Toyota and Honda join growing list of companies exiting Russia over Ukraine crisis

Several car makers are starting to restrict business links with Moscow

Japanese car makers Toyota and Honda have joined the growing list of corporates pulling out of Russia as the Ukraine crisis continues to intensify.

They follow western car makers Volkswagen, Volvo and General Motors, motorcycle maker Harley-Davidson, as well as several oil majors and technology titans, such as Apple and Meta in suspending or limiting business ties with Russia amid the military conflict.

Toyota said it is halting production at its plant in St Petersburg from Friday, and will halt vehicle shipments to Russia.

“Toyota is watching the ongoing developments in Ukraine with great concern for the safety of people of Ukraine and hopes for a safe return to peace as soon as possible,” the company said. “We are also monitoring global developments and will make necessary decisions as required.”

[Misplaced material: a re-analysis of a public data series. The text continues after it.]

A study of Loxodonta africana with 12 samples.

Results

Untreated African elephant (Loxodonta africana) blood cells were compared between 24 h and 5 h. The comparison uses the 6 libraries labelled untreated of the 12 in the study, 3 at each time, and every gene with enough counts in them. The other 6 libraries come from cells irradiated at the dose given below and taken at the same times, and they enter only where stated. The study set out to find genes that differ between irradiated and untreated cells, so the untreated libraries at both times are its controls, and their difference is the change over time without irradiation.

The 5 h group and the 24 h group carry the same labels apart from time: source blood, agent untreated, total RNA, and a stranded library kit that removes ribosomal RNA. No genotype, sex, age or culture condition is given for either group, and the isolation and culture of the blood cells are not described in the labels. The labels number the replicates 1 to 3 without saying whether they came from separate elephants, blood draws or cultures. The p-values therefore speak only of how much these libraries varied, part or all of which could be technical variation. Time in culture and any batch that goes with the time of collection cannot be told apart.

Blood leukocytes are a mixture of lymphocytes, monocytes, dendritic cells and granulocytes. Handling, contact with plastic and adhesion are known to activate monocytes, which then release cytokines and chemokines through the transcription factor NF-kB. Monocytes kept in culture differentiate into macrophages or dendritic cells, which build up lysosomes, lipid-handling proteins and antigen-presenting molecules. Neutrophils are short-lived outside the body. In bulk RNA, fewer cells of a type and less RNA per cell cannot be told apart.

Honda said it will stop exports of cars and motorcycles to Russia due to challenges around distribution and finances. It plans to resume shipments once the situation returns to normal. Honda doesn’t have a factory in Russia, but it exports about 1,500 SUVs annually to the country from plants in the US, according to Japanese broadcaster NHK.

Mazda is also suspending shipments of parts to a plant in Russia, financial newspaper the Nikkei reported.

Mitsubishi Motors on Tuesday said it may suspend production and sale of its cars in Russia as sanctions imposed on Moscow could trigger supply chain disruptions.

Jaguar Land Rover Automotive, which is owned by India’s Tata Motors, has also halted deliveries of its luxury vehicles to Russia.

Meanwhile European plane maker Airbus followed its US counterpart Boeing in suspending the sale of parts and support services to airline customers in Russia.

"In line with international sanctions now in place, Airbus has suspended support services to Russian airlines, as well as the supply of spare parts to the country," an Airbus spokesman said on Wednesday.